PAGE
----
On Monday (4 December), briefings from both sides in the Brexit negotiations were confidently looking forward to announcing a deal on the phase one ‘divorce’ package.
Then, after UK Prime Minister Theresa May slipped out of a celebratory meeting in Brussels to take a call, it was all off. Instead, she gave a 49 second press conference and fled.
Confusion and delusion are the words that spring to mind about the Prime Minister’s conduct. How could she get into such a situation? How could the DUP tail wag the government dog at the very last minute?
But beyond the immediate drama and loss of face for Theresa May, there is an underlying problem.
Is there any kind of Brexit the Prime Minister can deliver? She put forward a ‘hard’ Brexit at the general election and was rebuffed by the electorate. She has now put forward a ‘softer’ Brexit, at least for Northern Ireland, and seen that rejected by the DUP and a few dozen of her own backbenchers. The rest of Europe is wondering what, if any, kind of deal she can deliver.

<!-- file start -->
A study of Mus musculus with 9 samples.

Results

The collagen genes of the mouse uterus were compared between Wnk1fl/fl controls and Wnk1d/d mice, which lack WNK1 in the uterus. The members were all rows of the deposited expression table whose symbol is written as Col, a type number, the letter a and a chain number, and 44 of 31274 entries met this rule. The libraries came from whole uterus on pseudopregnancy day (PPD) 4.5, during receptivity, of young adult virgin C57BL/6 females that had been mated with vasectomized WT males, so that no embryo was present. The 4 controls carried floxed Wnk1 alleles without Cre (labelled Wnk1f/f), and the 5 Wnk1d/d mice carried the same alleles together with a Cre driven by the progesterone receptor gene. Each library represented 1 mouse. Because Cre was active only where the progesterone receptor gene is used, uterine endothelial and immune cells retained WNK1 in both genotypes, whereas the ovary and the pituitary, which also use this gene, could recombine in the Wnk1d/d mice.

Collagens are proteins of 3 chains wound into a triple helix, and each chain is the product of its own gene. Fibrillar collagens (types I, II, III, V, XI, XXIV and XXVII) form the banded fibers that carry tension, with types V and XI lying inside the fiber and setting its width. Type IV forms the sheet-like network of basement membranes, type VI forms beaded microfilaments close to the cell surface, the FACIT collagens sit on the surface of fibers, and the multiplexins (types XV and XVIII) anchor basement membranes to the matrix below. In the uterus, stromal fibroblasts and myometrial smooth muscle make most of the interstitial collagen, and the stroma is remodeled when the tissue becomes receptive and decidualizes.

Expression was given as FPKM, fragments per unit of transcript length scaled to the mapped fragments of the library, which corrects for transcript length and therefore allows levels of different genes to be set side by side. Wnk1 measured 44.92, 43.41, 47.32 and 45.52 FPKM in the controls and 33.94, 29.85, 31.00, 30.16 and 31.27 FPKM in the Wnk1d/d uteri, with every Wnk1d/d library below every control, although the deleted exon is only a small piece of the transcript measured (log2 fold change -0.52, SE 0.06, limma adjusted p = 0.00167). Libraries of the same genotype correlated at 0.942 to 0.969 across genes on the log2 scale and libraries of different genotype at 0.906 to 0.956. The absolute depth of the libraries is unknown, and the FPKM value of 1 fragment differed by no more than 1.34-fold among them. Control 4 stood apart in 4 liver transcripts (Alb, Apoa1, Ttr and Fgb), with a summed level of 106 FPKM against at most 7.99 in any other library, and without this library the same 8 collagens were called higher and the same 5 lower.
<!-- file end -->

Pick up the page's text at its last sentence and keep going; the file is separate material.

The internal contradictions of her own policy are coming home to roost. At her conference speech in October last year, she ruled out staying in the European single market or the customs union – yet maintained that there would be no hard border in Northern Ireland.
The rest of Europe was eager to hear how, if you turn that border into a customs border, you can avoid customs controls. In the end, glib talk of “innovative” high-tech solutions gave way to acceptance that, in essence, you can’t. Nor can you make it a regulatory border with divergent regulations on each side without practical consequences.
As UK shadow Brexit secretary Keir Starmer said, “Fantasy met brutal reality”. May eventually conceded a solution that would in effect allow Northern Ireland to stay in the single market.
Within minutes, Scottish and Welsh Leaders and the Mayor of London asked for the same, to preserve jobs in their areas. If it can be done for one part of the UK, why not for others?
Which then begs the question, why not for the UK as a whole?
This would also be an answer to the DUP plea for Northern Ireland to have the same regulations as the rest of the UK. It would also allay the fears of businesses over costly customs checks and new tariff arrangements. And indeed some government ministers seemed to say just that, and envisage a Brexit with the whole UK aligning its market rules with the EU.
But such a ‘soft’ Brexit is not acceptable to the hard Brexiteers within the Tory party, who are already voicing their opposition to it.
Looks like the only Brexit the Tories can deliver is a cliff-edge departure from the EU with no agreement on anything at all.